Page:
Matthew Griffin, described as “The Adviser behind the Advisers” and a “Young Kurzweil,” is the founder and CEO of the World Futures Forum and the 311 Institute, a global Futures and Deep Futures consultancy working between the dates of 2020 to 2070, and is an award winning futurist, and author of “Codex of the Future” series. Regularly featured in the global media, including AP, BBC, Bloomberg, CNBC, Discovery, RT, Viacom, and WIRED, Matthew’s ability to identify, track, and explain the impacts of hundreds of revolutionary emerging technologies on global culture, industry and society, is unparalleled. Recognised for the past six years as one of the world’s foremost futurists, innovation and strategy experts Matthew is an international speaker who helps governments, investors, multi-nationals and regulators around the world envision, build and lead an inclusive, sustainable future. A rare talent Matthew’s recent work includes mentoring Lunar XPrize teams, re-envisioning global education and training with the G20, and helping the world’s largest organisations envision and ideate the future of their products and services, industries, and countries. Matthew's clients include three Prime Ministers and several governments, including the G7, Accenture, Aon, Bain & Co, BCG, Credit Suisse, Dell EMC, Dentons, Deloitte, E&Y, GEMS, Huawei, JPMorgan Chase, KPMG, Lego, McKinsey, PWC, Qualcomm, SAP, Samsung, Sopra Steria, T-Mobile, and many more.
WHY THIS MATTERS IN BRIEF
As our ability to engineer materials at the nano level improves we can create new materials with amazing properties.
If you’ve ever fancied a bullet proof shirt like you sometimes see in the movies then this newest technology breakthrough could very well be for you, eventually anyway, after engineers at Caltech, MIT, and ETH Zürich developed a nano-architected material that’s made from tiny carbon struts and that’s thinner than a human hair, and which is pound for pound, more effective at stopping a projectile than steel and Kevlar – two materials commonly used in personal protective gear.
Pioneered by Caltech materials scientist Julia R. Greer, nano-architected materials have a structure that is designed at a nanometer scale and exhibit unusual, often surprising properties – for example, exceptionally lightweight nanoceramics that spring back to their original shape, like a sponge, after being compressed.
Tiny but mighty. Source: MIT
“The knowledge from this work could provide design principles for ultra-lightweight impact resistant materials for use in efficient armoured materials, protective coatings, and blast-resistant shields [that are] desirable in defense and space applications,” says Greer whose lab led the material’s fabrication. Greer is co-corresponding author of a paper on the new material that was published in Nature Materials on July 24.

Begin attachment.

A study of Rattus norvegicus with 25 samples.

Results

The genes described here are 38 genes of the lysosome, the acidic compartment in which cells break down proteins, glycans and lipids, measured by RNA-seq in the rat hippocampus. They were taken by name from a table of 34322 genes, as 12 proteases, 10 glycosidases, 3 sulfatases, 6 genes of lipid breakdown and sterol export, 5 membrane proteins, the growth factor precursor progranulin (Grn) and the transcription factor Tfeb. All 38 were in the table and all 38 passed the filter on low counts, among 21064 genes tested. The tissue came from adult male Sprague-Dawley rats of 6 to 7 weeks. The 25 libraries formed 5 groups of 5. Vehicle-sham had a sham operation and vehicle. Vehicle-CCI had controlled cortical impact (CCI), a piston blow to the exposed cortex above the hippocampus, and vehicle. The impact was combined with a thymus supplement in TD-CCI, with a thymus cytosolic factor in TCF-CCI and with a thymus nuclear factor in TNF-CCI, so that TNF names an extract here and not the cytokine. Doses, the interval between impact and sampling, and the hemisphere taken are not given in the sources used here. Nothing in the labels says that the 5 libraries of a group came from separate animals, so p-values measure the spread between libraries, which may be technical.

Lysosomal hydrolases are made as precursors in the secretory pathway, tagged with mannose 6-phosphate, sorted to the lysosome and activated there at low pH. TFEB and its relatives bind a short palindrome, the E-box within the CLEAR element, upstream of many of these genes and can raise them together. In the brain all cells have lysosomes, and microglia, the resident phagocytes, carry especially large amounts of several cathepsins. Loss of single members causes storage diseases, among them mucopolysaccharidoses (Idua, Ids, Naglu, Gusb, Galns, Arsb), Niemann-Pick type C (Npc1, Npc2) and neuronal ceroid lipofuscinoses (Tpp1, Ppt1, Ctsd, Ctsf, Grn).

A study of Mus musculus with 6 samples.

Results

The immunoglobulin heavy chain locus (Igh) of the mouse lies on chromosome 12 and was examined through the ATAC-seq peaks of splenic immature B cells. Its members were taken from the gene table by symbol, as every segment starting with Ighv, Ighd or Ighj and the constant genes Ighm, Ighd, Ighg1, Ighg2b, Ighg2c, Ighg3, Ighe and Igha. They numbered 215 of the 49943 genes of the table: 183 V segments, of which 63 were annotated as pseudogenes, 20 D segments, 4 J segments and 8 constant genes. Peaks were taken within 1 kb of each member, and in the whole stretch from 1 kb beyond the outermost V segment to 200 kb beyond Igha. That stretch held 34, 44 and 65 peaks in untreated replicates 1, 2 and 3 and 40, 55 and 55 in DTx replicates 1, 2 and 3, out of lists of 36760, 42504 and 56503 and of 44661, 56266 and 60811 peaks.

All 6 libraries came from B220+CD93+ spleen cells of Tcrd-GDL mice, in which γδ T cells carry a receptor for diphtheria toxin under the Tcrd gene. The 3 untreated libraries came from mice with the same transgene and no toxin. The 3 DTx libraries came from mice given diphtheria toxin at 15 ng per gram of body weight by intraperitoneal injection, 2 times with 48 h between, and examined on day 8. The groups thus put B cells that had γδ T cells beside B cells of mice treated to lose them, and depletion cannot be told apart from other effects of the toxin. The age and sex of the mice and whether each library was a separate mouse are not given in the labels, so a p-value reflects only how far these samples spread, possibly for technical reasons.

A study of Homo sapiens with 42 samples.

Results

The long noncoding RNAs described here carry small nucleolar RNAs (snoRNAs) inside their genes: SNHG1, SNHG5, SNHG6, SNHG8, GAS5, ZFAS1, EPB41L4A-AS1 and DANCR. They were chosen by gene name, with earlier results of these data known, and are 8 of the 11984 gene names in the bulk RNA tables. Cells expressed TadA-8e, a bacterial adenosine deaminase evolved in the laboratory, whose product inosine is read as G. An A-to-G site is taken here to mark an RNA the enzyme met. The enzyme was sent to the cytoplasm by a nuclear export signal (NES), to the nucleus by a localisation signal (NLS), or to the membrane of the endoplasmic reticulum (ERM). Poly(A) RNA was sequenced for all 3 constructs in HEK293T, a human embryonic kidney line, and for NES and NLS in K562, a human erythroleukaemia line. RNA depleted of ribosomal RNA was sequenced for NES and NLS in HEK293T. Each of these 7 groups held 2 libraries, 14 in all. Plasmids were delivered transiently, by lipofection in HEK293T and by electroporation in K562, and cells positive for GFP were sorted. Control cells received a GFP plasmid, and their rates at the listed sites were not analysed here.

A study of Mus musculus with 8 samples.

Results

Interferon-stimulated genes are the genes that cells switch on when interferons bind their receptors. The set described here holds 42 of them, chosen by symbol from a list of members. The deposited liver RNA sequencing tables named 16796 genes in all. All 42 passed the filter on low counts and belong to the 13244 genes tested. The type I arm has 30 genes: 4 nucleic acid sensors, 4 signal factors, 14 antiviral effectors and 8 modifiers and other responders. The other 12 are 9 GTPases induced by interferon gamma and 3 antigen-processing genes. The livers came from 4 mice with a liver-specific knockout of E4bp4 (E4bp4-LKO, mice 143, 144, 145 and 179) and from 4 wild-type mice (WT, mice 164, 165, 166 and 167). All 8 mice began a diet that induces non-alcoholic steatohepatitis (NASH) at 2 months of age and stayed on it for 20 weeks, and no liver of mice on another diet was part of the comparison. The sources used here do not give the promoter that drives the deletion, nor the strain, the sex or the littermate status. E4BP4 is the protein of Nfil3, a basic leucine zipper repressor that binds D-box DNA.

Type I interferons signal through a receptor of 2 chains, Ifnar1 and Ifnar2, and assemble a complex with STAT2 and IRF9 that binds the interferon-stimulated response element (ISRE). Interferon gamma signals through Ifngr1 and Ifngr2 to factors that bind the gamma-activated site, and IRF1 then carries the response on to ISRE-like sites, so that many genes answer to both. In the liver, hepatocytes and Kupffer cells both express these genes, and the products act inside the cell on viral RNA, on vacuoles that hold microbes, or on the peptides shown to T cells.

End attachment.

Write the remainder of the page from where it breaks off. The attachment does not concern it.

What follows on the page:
The material, which is thinner than a human hair, consists of interconnected tetrakaidecahedrons made out of carbon struts that have been formed under extreme heat, known as pyrolytic carbon.
Tetrakaidecahedrons are structures with 14 faces: six with four sides and eight with eight sides. They are also called “Kelvin cells” because in 1887 Lord Kelvin suggested that they would be the best shape to fill an empty three-dimensional space with equal-sized objects using minimal surface area.
“Historically this geometry appears in energy-mitigating foams, says Carlos Portela, assistant professor of mechanical engineering at MIT and lead author of the Nature Materials paper. Portela and his lab investigated the use of the foam-like structures to lend flexibility to the stiff carbon.
“While carbon is normally brittle, the arrangement and small sizes of the struts in the nano-architected material gives rise to a rubbery, bending-dominated architecture,” he says.
While the strength of nano-architected materials has been studied using slow deformation Portela wanted to know how such a material might survive a high-speed impact so he first fabricated the material out of photosensitive polymer using two-photon lithography, a technique that uses a fast high-powered laser to solidify and sculpt microscopic structures.
His team then pyrolized the structures; that is, they burnt them in a furnace at a very high temperature to convert the polymer to pyrolytic carbon. The scientists created two versions of the material: a denser and a looser one. Portela’s lab then blasted both versions with 14-micron-diameter spherical silicon oxide particles, one at a time. The particles travelled at between 40 and 1,100 meters per second or four times faster than the speed of sound.
The researchers found that the denser version of the material was more resilient to supersonic impacts, with the microparticles tending to embed in the material rather than tearing straight through, as would be the case with either fully dense polymers or carbon sheets of the same thickness.
Under closer examination, they discovered that individual struts directly surrounding the particle would crumple, but the overall structure remained intact until the projectile stopped – therefore pound for pound the new material outperformed steel by more than 100 percent and Kevlar composites by more than 70 percent.
“We show the material can absorb a lot of energy because of this shock compaction mechanism of struts at the nanoscale versus something that’s fully dense and monolithic, not nano-architected,” Portela says.
For the material to be used in real-world applications, researchers next will need to find ways to scale up its production and to explore how other nano-architected materials, including those made out of materials other than carbon, hold up under high-speed impacts. In the meantime, the study has demonstrated the viability of nano-architected materials for impact resistance, opening up a new avenue of research.
The Nature Materials paper is titled “Supersonic Impact Resilience of Nanoarchitected Carbon.”